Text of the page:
In the course of three years, her character Peggy Olson has gone from naive new girl to ambitious copywriter. Elisabeth Moss talks about her favorite moments in Mad Men — and which scene required her to close her eyes and let go.
Q: We’re only halfway through Season 3 and already there have been a number of memorable Peggy moments… Do you have any favorites?
A: One of things I loved is a scene with Don in the office when she
asks, “What if this is my time?” It felt like that one line
encapsulates her entire story… her figuring what she needs
to be doing — who she is, what her life should be. Should she be
working harder? Should she be trying to find a husband? She
doesn’t know what she’s supposed be doing — and she’s afraid she might
be missing her chance to be a wife and a mother and all of that.
Q: Are there any lines from other characters you love?
A: There are so many lines. I think anything John Slattery says
really comes out amazing. And there’s one I like from Season 1 –
someone says they’re blinded by Peggy’s earnestness. I liked that. For
me, that really described her character very much from that season.
Q: Having now spent three seasons living the world of the ’60s do you ever wonder what your own life would be like back then?
A: Oh sure. It’s almost impossible to try and do … to know where
you would have been. But, sure, I try to. I think everybody tries to. I
would have been a lot like Peggy, I think. I would have been a working
girl. But gosh, who knows.
Q: You come from a musical family. Was singing in front of the mirror, like you did in Season 3 Episode 2, something you did growing up?
A: I think everybody has done that. What’s great about some of the
stuff they write for Peggy is that a lot of it is what we’ve all done
or what we can see ourselves doing. Some of my favorites are when she’s
alone in her apartment — those really private and perfect, deeply
lonely, but very normal moments. They give Peggy a lot of those and I
really like that.
I was really nervous about that scene. I knew what I wanted to look
like, and knew what Matt wanted it to look like — basically a person
who is really trying to imitate [Ann-Margret] in Bye Bye Birdie.
Not a musical theater person, not a professional, but somebody who had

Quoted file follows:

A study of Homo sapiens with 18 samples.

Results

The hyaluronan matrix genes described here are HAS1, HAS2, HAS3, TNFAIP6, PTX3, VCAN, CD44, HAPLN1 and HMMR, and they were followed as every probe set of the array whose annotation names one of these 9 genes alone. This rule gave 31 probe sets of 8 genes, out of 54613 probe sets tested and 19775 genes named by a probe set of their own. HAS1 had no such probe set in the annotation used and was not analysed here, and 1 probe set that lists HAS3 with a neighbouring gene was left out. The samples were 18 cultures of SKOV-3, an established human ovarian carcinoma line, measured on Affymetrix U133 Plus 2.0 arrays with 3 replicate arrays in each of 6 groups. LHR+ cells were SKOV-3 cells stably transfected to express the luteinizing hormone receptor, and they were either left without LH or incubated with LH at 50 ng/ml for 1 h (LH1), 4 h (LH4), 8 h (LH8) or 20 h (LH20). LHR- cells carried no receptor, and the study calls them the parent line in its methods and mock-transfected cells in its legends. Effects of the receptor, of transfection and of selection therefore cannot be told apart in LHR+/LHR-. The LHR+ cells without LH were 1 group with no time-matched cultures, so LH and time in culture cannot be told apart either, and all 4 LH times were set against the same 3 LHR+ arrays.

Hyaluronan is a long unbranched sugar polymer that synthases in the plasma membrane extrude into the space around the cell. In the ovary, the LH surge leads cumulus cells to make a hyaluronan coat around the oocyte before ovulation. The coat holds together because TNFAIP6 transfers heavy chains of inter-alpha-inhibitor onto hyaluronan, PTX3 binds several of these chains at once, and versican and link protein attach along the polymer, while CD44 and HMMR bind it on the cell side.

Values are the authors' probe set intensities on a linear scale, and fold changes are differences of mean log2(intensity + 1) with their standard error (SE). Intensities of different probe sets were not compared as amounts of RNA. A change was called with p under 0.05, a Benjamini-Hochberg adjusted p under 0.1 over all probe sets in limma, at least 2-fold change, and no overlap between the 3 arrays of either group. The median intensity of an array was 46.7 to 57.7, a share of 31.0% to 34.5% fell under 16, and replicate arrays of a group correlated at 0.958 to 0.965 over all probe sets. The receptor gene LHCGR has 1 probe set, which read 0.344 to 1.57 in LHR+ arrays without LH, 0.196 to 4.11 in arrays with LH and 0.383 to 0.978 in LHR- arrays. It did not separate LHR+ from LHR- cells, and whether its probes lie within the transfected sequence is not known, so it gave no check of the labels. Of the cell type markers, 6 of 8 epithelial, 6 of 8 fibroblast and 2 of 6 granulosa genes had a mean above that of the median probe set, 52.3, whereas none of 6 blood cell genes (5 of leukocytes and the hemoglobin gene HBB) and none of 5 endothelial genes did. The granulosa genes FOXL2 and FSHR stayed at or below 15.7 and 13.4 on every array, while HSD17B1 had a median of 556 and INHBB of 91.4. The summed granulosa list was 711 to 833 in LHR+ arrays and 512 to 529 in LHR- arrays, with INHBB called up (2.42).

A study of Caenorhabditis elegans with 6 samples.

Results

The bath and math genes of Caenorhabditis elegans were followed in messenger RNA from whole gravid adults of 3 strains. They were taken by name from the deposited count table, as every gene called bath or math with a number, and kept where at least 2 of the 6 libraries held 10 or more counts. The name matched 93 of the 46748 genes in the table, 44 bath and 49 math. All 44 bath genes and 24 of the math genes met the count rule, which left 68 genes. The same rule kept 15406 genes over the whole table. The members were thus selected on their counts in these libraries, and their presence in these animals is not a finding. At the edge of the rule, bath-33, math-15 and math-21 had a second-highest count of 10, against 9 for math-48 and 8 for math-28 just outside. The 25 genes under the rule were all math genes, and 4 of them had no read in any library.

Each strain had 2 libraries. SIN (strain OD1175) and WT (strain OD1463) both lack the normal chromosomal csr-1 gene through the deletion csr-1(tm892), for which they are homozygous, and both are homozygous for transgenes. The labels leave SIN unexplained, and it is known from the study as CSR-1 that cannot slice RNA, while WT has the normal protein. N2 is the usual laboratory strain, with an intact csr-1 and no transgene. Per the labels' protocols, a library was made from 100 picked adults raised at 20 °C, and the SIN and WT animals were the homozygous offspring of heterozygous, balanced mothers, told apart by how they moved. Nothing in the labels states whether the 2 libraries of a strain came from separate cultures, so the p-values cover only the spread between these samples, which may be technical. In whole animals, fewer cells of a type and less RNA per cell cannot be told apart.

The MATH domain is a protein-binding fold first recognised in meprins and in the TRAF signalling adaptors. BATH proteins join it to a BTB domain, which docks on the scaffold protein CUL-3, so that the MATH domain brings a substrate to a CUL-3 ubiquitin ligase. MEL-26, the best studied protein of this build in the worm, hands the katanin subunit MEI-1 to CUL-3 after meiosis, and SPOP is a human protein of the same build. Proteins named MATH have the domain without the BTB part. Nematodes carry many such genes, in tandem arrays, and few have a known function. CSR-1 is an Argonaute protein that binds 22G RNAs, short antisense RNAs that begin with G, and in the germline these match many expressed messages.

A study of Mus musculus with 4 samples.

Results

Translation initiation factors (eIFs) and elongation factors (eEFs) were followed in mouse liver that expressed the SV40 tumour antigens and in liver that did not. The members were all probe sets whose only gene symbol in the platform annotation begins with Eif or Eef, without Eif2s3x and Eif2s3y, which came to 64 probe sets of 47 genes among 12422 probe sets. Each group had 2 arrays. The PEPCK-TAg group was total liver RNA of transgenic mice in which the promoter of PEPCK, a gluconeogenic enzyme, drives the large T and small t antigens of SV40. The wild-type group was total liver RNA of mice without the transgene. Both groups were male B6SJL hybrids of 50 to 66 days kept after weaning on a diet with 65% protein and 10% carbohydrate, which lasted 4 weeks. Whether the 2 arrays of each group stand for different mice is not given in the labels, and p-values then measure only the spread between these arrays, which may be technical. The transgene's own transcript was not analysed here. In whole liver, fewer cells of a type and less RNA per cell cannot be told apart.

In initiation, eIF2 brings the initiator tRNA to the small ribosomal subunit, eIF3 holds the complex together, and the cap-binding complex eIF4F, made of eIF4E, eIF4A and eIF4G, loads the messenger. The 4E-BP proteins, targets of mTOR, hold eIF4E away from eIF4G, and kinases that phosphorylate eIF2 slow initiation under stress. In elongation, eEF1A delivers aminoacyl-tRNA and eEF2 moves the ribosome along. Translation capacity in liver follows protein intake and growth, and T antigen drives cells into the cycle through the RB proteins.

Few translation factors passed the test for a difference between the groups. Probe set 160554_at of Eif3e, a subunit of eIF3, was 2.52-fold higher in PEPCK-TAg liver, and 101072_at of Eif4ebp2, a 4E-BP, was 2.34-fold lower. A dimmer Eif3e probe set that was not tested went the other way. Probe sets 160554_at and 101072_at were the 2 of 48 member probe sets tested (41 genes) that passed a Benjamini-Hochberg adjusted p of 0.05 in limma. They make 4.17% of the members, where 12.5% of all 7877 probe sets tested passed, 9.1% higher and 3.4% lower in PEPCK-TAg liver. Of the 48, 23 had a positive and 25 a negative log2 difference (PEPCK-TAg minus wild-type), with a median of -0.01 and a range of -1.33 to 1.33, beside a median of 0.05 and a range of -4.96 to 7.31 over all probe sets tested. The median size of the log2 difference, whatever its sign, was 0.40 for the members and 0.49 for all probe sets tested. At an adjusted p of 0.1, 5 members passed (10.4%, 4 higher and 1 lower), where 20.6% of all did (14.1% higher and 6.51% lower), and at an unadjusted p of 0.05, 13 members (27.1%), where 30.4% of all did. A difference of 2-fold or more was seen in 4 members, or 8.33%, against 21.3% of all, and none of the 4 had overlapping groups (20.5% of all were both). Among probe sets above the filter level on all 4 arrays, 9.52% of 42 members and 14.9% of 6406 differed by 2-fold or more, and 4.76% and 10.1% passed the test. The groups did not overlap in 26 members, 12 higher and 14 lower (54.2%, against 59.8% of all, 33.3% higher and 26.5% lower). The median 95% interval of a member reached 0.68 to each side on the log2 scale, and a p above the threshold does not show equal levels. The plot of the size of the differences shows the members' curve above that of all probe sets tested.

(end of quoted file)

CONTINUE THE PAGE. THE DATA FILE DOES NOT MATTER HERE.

seen somebody in a film. He wanted me not to do it badly, to try and do
it well, but not put on that I couldn’t sing. I had to alter my voice a
little bit — not that I have an amazing voice — but to make it sound
normal. It was kind of a scary thing to film. It was a little
bit embarassing to do it front of all these people; I had to close my
eyes and let go and pretend that nobody was watching. That was the
only way I could do it unselfconsciously and really go for it.
Q: You were a child actress like Kiernan Shipka. Have you given her any advice on coping with the limelight and the lifestyle?
A: You know, she’s such a little grownup, she could probably give me
advice. I do sometimes look at her and think: Wow, I was her at one
point. She’s very serious and dedicated, and a very professional girl.
I was the same way. So it’s interesting to see that… but I wish I had
been on Mad Men when I was that age!
Q: You play Sarah Jessica Parker’s assistant in the upcoming Did You Hear About the Morgans. Did you have to fight temptation to be like the Peggy of Season 1?
A: No, only because the character in the film is much more together
than Peggy. She’s controlling and one of those type-A personalities…
She’s really like nobody on Mad Men. So it was different but it was fun — I’ve been doing a lot of secretary roles, between Mad Men and [Speed-the-Plow]. I might be getting typecast as an administrative assistant!